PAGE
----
Back in 2001, Marvel published a trade paperback collection titled "The Fall of the Mutants" which collected the story arc wherein Apocalypse first challenged the mutant superhero teams (X-Men, X-Factor and New Mutants) in pursuit of his philosophy combining Darwinism and Genghis Khan (mutants will grow stronger and more fit to survive if you keep trying to kill them). This was the story where Warren Worthington III became the blue skinned, artificially winged avatar of death. This one-volume collection reprinted Uncanny X-Men #224-226, X-Factor #24-26 and New Mutants #59-61.
Then, in 2013, Marvel issued a two-volume trade paperback collection that collected more of this "Fall of the Mutants" story arc, reprinting all the stories from the earlier book and more. Volume 2, the book currently under review, provides only the X-Factor stories but more of them: issues #18-26, as well as the crossover stories from other titles such as Incredible Hulk (#336-337), Power Pack (#35), Daredevil (#252), Captain America (#339) and Fantastic Four (#312), where those other, non-mutant, characters had to deal with the fallout of Apocalypse's attack on New York and, in the case of Cap, on the Midwest farm belt. (The Hulk story really isn't part of the Fall of the Mutants arc, but has X-Factor during the same time frame investigating a possible mutant sighting that turns out to be the Gray Hulk rampaging through Sparta, Illinois, the town where comic books were printed at the time.)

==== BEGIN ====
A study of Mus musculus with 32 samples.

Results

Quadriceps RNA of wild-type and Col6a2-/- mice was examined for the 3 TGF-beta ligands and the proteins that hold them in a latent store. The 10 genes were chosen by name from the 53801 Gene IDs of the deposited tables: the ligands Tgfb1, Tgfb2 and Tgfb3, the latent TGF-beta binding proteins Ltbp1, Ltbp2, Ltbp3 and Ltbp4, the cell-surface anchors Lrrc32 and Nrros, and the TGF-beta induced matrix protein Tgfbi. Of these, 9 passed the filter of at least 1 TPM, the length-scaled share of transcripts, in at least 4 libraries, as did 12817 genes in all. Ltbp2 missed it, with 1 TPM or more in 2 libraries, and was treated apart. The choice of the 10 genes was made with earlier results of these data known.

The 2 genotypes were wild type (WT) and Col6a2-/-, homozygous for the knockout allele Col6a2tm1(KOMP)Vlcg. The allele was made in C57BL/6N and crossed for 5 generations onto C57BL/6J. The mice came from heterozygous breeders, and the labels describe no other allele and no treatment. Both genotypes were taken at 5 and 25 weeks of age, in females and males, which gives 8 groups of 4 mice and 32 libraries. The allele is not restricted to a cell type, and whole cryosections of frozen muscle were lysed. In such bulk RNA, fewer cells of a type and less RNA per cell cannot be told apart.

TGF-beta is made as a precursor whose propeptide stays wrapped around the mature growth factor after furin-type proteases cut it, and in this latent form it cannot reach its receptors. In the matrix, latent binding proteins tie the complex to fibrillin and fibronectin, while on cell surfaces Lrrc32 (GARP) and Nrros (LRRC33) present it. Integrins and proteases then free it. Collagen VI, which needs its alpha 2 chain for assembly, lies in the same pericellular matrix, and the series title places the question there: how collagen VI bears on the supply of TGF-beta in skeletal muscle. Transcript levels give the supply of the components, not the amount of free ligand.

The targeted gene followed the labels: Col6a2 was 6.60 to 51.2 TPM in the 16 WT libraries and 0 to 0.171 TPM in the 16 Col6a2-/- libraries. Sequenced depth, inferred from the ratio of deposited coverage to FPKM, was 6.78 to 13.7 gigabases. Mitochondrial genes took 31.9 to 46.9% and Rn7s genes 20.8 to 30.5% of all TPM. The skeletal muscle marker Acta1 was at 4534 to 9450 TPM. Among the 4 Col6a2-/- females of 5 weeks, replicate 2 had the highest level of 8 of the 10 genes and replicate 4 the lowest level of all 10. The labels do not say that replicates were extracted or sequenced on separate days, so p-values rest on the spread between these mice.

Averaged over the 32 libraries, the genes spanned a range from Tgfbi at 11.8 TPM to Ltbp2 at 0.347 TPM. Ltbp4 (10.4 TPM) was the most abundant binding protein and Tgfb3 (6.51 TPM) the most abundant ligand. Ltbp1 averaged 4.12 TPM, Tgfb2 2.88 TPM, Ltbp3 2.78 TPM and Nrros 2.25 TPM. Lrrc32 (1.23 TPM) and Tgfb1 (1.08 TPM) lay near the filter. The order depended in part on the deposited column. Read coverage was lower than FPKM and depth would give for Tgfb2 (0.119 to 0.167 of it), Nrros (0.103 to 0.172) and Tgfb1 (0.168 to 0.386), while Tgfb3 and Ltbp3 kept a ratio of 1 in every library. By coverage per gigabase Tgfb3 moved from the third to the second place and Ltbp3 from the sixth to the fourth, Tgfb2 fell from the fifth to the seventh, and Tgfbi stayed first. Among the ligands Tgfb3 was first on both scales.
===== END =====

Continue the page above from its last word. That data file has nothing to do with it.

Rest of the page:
Thus, you have two versions of this story arc, the original one-volume compilation and the more recent two-volume expanded version. Both contain the core story, but the two-volume set gives you a much more complete and comprehensive account. The main value of this second volume is the crossover stories, none of which are essential to the main plot, but several of which are excellent stories. Of particular note are the Power Pack story, written by Louise Simonson, where the kids try to save their mom who is stranded in the subway during Apocalypse's attack, and the Daredevil story which was written during Ann Nocenti's excellent run on that title and exemplifies why it was so excellent.
If you want everything, you should get the two-volume set. But since I already owned the one-volume version, I found it enough to just buy the second book in the two-book version, since I was only getting a repeat of three X-Factor stories and the rest of this 400-page book was "new." But you can look at all three product pages and decide for yourself.